If you re in Washington, D.C., you may have seen ads on the city buses accusing the dairy industry of trying to pollute our milk, and dose our children on the sly with deadly aspartame. Well, this is not really the case and not just because aspartame is perfectly safe and diet beverages will not cause children to become addicted to sugar. The dairy industry simply wants to change the way these additives are listed on the package. They re already allowed to add government-approved, zero-calorie sweeteners to flavored milk.
Currently flavored-milk products containing artificial sweeteners must list the sweeteners as part of the product s ingredients list, but with an asterisk stating that they are not contained in regular chocolate milk. Also, the front of the package must say something such as Reduced Sugar, or Reduced Calories. The petition by the dairy industry to the FDA seeks to eliminate these requirements.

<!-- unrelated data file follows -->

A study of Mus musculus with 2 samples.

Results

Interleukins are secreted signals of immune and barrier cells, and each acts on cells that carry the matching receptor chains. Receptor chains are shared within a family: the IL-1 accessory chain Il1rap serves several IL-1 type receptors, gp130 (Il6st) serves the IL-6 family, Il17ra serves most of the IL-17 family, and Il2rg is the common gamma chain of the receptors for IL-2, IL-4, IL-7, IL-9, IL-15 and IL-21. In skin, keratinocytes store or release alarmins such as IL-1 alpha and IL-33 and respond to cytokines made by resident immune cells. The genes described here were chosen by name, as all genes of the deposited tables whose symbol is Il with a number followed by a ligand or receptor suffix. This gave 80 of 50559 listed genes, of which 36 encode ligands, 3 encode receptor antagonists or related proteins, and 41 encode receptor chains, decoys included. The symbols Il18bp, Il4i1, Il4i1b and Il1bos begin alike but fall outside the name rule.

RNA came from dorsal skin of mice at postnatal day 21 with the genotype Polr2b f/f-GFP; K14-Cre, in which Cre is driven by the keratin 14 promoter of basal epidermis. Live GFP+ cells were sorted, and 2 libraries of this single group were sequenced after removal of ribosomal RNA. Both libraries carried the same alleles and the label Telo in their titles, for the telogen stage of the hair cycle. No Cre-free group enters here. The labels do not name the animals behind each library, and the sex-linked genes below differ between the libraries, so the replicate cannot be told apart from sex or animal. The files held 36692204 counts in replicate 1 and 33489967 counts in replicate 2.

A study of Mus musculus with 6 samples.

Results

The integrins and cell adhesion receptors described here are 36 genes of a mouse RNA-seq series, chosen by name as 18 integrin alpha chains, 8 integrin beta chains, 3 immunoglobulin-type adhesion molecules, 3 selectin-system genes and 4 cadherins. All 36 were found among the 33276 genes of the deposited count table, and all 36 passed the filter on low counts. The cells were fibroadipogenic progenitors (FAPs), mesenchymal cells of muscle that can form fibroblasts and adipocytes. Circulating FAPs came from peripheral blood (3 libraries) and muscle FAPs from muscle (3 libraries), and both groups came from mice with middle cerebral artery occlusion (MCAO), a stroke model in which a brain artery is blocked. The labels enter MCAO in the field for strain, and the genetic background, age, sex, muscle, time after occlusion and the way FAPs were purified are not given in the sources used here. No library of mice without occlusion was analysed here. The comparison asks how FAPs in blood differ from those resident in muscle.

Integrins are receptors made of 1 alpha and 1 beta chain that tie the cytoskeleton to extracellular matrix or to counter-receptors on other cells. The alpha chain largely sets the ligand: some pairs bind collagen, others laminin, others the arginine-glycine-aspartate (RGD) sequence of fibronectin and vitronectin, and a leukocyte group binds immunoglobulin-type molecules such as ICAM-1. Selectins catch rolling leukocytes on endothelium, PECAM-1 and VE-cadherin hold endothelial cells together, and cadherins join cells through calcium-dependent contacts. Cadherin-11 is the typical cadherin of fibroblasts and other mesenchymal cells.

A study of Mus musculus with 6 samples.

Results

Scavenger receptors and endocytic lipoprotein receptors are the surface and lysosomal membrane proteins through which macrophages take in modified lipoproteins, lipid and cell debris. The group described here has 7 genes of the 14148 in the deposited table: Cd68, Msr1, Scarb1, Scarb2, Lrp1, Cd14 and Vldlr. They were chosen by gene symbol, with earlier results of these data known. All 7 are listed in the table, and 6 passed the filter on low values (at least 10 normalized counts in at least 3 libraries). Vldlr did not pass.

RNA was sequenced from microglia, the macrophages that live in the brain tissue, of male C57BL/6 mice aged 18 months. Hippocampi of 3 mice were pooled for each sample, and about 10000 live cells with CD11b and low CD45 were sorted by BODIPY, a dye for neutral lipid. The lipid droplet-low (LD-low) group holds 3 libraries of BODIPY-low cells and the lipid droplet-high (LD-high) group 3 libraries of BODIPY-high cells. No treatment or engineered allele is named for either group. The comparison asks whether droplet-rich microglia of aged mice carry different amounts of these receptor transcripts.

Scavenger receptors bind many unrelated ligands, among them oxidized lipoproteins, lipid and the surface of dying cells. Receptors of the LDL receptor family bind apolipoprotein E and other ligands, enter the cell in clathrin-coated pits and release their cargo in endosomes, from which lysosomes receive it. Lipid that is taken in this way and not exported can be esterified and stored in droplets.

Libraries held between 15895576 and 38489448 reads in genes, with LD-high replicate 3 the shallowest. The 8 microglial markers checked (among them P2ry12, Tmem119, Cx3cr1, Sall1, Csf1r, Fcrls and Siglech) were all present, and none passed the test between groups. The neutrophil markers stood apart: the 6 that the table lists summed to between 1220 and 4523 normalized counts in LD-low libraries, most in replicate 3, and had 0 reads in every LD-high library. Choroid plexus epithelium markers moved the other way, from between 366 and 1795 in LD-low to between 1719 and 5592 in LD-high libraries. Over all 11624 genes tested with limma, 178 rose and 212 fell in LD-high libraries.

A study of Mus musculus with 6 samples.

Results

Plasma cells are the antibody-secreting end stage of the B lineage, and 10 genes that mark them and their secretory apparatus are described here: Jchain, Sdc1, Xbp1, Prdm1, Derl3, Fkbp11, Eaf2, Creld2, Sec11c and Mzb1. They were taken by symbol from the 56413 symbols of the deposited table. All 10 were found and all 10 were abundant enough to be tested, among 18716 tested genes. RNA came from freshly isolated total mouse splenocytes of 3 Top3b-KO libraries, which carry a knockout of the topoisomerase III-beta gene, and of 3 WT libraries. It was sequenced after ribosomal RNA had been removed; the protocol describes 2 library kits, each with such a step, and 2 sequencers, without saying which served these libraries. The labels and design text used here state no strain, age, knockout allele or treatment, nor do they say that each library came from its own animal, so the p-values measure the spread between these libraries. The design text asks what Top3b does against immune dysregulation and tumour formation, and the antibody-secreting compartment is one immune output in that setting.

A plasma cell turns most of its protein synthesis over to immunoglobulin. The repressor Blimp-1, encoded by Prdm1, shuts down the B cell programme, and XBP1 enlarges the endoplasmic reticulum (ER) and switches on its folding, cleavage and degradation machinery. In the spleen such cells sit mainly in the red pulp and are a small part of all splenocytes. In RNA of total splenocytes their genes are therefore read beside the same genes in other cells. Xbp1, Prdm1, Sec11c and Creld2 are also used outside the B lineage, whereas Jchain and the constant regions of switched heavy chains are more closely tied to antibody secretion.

Why would the dairy industry want to remove those labels? Advertising regulations for foods and beverages marketed to children have gotten much stricter with the hopes that this will help to reduce rates of childhood obesity. And the majority of school systems in the United States have begun to put calorie limits on drinks served to kids during the day. So now, the dairy industry wants to stay in the game by reducing calories in their flavored milks, but market them as if they have not changed, similar to what Coca-Cola has done with Sprite and Fanta.
The dairy industry is simply struggling to navigate a pair of contradictory consumer fears: of sugar on the one hand, and sugar substitutes on the other, writes Daniel Engber in Slate.
ACSH Senior Nutritionist Ruth Kava comments, What s really being proposed is simply a change in the rules in how packages are labeled. There will be no addition of sugar or artificial sweeteners, or aspartame. Milk always strikes such an emotional chord with people because when you think of milk you think of the perfect food for children, and anything that affects children is going to get people very much involved and interested and sometimes defensive.